This is the address I gave yesterday.
Today is a sad occasion it is Ken’s funeral. For many of us on King Island, Ken was a long time resident and involved in many Island organisations ... a very well known and respected member of our little community ... for others Ken was a good friend and mate; someone whose company and friendship will be missed . For his family he was Dad, grandfather, uncle or cousin; someone who was loved deeply and who will go on being remembered and missed for as long as you live.
We are here today to share our grief and support each other through that sorrow. Death is painful, it is not something we like to dwell on but lately it has been unavoidable. Someone said to me when they heard Ken had passed away that he is the 10th person they knew with King Island connections to have died in the last couple of months. Poet John Donne wrote ...
No man is an island entire of itself; every man is a piece of the continent, a part of the main;
If a clod be washed away by the sea, Europe is the less, as well as if a promontory were,
As well as any manner of thy friend or of thine own were; any man’s death diminishes me, because I am involved in mankind.
And therefore never send to know for whom the bell tolls; it tolls for thee.
Death diminishes us, the death of someone we know changes us.
I have usually taken scripture classes in most of the places I have worked. In my last place, Norfolk Island I had most of the children in the local school at some time over the four years I was there.
Classes often said ... “Why do we have to waste time doing this when we should be doing something important like maths or science?
The last year I was there was very different. During the school holidays the brother of one of the boys in the class I was to take died in very tragic circumstances a few days before the first lesson. So instead of the lesson I had prepared we spent the time letting them express how they were feeling and trying to answer any questions as best I could that they had about death when they asked.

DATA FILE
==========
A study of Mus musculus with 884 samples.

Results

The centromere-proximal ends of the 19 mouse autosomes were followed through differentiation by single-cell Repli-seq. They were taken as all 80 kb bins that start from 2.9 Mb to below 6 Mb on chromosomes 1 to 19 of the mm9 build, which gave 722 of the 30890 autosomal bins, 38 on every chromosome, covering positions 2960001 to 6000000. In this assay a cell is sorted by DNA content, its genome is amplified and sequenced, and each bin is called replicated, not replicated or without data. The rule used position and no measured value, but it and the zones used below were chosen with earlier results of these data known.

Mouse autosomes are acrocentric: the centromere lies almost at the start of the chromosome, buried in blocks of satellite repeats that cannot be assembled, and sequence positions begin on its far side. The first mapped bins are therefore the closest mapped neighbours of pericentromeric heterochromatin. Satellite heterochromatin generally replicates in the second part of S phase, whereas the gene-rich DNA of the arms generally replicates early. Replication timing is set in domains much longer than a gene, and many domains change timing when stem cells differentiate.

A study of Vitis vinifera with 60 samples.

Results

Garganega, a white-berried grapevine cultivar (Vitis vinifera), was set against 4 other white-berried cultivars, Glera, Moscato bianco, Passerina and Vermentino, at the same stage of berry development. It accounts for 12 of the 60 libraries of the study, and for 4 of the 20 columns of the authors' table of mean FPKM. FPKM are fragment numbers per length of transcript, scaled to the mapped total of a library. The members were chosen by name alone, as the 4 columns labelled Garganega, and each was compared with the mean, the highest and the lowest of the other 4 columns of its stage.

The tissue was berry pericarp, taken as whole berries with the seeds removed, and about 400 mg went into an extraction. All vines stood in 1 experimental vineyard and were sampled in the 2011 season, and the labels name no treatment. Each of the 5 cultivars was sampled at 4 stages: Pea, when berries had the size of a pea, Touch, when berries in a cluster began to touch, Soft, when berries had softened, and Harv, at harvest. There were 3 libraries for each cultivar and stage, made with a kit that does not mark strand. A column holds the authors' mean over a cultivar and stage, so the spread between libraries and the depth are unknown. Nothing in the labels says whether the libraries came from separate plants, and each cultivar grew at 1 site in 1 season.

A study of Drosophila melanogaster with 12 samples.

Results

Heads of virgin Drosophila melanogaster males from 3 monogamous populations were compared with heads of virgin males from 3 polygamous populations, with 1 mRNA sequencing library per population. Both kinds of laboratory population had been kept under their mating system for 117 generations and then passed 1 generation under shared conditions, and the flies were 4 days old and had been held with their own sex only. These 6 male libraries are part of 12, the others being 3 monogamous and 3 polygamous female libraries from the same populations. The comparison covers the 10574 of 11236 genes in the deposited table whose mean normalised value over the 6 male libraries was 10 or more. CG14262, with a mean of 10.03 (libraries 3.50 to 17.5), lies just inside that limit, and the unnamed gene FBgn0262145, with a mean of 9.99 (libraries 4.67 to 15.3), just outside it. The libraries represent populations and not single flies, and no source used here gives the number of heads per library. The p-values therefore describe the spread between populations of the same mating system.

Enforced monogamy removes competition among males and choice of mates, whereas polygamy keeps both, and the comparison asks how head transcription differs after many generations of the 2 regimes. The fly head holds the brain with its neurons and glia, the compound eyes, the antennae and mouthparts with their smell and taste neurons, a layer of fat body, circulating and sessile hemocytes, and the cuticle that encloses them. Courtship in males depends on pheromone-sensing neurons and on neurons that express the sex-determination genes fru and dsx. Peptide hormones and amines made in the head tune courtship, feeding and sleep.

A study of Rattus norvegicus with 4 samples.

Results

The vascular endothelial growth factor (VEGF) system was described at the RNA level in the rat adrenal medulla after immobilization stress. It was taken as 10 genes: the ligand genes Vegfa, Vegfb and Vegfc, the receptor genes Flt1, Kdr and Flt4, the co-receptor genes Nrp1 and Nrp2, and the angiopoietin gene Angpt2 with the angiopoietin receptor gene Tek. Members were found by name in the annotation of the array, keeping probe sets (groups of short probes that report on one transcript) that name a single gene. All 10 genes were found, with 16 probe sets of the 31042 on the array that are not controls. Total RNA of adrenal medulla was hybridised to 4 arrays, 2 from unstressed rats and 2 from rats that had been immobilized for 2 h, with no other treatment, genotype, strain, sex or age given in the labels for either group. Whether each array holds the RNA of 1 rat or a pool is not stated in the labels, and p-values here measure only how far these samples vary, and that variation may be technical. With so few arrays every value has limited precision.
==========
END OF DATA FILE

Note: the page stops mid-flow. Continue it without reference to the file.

I prepared the next weeks scripture lesson but the week before had raised more feelings and more questions for the class so we spent that lessons as well looking at the possibilities of what might happen after death, what other people and faiths taught and when they wanted to know, I told them what I believed. Over the next weeks we looked at life’s other big questions: why are we here? What did they really want from their lives? How would you know if you had wasted your life?
Six months later one of the boys (as 6th class boys will) started mucking up. I did not get a chance to do or say a thing because one of the other boys got up told him to be quiet ... “the stuff we were talking about was really important.”
What we believe about life and death if we stop and take the time to consider it properly, is important. When we look at the possibility of our own mortality it can change our priorities, it can sort out what is really important to from what is not.
It can help us face our death and can give comfort when we mourn the death of someone we love dearly.
I believe that the grave is not the end. We are all made to live beyond the grave. All the major faiths share that belief in common but they do not all agree on what that life is like, or how you get to enjoy it.
For me I believe we receive that life as a gift from God through faith in Jesus Christ, who lived, died, rose from the dead and showed himself to hundreds of witnesses as proof of who he was and that life is eternal.
We all have to make up our own minds what we believe. Today I want to encourage you to take that question seriously and not just brush it off as of no importance. Ask yourself what do you believe happens after death? and What evidence do you have for believing it?
Can you face your own mortality with confidence?
... any man’s death diminishes me, because I am involved in mankind.And therefore never send for whom the bell tolls; for tomorrow it may toll for thee.